Debian delivers FreeRunner open-phone package
20,000 applications, one open phone
Olympics aside, summer 2008 will be remembered for at least two other reasons. It will be seen as a time when the noise over Linux as a platform for mobile devices reached a crescendo. Second: it marked Debian's fifteenth anniversary.
Bringing both together, Debian developers have delivered a version of their Linux distro for Openmoko's FreeRunner handset.
The announcement, during Debian's DebConf8 in Mar del Plata, Argentina, points out the potential upside for the nascent FreeRunner: the Debian ecosystem brings more than 20,000 applications to the FreeRunner, launched in July and the successor to Openmoko's Neo 1973 - claimed to be the first open mobile phone.
More importantly, the availability of Debian as a development platform gives Openmoko a leg up in the increasingly competitive market for open smart mobile devices based on Linux. Debian joins Qtopia and GTK+ as development platform options for the FreeRunner. The move gives Debian a lift after Intel revealed it was dropping the Debian-based Ubuntu Linux in favor of Fedora for the second version of its Moblin mobile Linux project.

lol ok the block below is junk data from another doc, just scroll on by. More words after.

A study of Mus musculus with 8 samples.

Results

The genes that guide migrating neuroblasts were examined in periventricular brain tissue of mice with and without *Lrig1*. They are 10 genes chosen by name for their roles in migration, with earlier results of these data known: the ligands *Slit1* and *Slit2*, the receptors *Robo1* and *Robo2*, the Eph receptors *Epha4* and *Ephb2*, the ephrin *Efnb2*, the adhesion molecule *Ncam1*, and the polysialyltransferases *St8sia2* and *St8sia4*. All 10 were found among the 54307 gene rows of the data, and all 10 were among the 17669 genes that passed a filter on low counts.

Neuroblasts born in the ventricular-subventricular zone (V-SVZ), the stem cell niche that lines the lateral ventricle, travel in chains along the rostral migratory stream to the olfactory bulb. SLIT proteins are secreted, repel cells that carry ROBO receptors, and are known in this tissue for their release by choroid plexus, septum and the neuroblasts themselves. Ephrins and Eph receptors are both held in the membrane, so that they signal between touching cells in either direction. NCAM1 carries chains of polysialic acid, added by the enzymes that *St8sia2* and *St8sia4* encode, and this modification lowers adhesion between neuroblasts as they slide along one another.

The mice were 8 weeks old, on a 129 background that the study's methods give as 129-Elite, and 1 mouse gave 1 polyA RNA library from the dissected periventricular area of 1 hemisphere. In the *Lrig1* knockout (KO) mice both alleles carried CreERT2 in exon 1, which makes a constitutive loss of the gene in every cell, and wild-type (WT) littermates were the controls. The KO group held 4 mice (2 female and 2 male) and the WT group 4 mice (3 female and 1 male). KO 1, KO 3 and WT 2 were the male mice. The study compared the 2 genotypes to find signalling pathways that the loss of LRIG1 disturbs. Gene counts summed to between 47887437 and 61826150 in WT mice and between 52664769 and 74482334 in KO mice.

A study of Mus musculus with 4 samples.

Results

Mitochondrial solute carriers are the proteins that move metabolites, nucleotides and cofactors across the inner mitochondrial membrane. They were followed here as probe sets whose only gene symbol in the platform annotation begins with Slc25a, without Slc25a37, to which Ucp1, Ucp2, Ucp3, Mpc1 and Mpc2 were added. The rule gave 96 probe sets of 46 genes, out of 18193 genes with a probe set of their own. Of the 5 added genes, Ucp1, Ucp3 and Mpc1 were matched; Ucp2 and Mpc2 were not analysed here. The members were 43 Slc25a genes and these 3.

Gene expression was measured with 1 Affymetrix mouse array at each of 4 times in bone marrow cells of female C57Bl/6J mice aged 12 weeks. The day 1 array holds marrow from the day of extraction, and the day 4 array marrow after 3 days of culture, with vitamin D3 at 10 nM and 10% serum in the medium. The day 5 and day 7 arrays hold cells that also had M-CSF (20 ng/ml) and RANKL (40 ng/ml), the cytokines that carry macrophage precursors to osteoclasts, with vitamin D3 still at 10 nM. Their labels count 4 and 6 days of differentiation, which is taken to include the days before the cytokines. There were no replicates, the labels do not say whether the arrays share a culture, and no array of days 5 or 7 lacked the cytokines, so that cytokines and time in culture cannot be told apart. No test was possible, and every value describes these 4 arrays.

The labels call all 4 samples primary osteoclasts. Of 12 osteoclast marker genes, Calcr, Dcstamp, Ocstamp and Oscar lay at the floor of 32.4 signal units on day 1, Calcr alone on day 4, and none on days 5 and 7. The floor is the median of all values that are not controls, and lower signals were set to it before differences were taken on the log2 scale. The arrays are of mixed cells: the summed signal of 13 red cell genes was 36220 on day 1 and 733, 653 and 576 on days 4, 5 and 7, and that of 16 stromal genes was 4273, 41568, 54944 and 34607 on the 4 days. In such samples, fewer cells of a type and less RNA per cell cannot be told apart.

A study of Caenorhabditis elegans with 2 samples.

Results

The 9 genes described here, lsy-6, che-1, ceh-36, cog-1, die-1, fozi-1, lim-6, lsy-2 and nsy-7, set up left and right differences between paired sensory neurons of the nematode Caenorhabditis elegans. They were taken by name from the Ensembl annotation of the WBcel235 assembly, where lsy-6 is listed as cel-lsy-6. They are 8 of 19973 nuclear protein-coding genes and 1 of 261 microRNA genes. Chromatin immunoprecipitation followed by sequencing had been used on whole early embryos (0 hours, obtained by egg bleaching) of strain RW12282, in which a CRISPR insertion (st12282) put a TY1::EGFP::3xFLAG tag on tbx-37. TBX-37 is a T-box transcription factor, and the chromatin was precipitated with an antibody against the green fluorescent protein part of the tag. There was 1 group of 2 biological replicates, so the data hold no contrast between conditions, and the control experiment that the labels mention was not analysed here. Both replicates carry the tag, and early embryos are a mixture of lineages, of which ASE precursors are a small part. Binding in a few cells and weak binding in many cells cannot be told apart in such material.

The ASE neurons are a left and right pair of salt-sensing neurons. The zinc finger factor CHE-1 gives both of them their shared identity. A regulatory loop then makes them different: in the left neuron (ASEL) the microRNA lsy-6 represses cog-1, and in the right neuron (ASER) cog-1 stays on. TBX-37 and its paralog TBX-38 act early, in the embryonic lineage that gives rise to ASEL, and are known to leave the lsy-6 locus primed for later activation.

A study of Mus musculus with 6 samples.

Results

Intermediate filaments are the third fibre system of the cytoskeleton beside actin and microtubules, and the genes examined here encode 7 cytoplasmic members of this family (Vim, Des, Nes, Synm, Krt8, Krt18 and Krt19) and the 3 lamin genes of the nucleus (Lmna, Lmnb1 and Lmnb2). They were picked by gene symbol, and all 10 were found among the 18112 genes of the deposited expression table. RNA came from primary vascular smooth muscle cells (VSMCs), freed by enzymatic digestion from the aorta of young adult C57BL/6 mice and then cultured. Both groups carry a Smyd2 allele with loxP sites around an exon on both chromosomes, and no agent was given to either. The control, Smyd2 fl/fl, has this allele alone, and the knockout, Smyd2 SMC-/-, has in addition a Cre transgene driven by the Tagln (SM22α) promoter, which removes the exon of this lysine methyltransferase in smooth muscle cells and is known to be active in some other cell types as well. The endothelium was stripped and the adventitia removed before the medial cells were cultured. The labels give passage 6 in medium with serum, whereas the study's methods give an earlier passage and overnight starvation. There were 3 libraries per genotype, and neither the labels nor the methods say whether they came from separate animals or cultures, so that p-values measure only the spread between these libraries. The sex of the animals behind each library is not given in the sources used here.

Linux and open source are increasingly seen as the future of mobile devices and mobile the new frontier for Linux - apparently having taken the baton from the desktop, which has failed to live up to years of expectations and promises. Sessions and speakers from the O'Reilly Open Source Conference (OSCON) in Portland, Oregon, to LinuxWorld in San Francisco, California, have been dedicated to Linux on mobile.
Been using it as my main phone for over a month now, and every time I flash a different image on it for testing it's like getting a whole new phone :) This week I'll try Debian, but then I'm probably going back to ASU/2008.8
Wait until the firmware settles and the hardware hacks start appearing!
The OpenMoko people took on the developers of the OpenEmbedded project, which grew out of a Debian-like system in the first place (apt,dpkg etc.). There isn't a lot those guys don't know about putting Linux on small devices, so overall I can't really agree that this is a significant event. Sorry to any Debian developers that worked hard on this; I'm speaking from end-user frustration and I don't mean to diminish your achievement.
The whole point of the OpenMoko endeavour is to make a consumer device that people can change. It already RUNS linux, it HAS a development tree behind it. Putting Debian on it is reinventing the wheel. The next step is the end user experience. Going back to the beginning is like bringing your cucumber sandwiches to an all you can eat buffet.
@ James Bassett
no offence but you don't appear to be doing it right. it's easier to recover a knackered linux box than it is a knackered windeez box. 'make uninstall' is a damn sight easier than hacking registry entires which are so cryptic they mean nothing to me.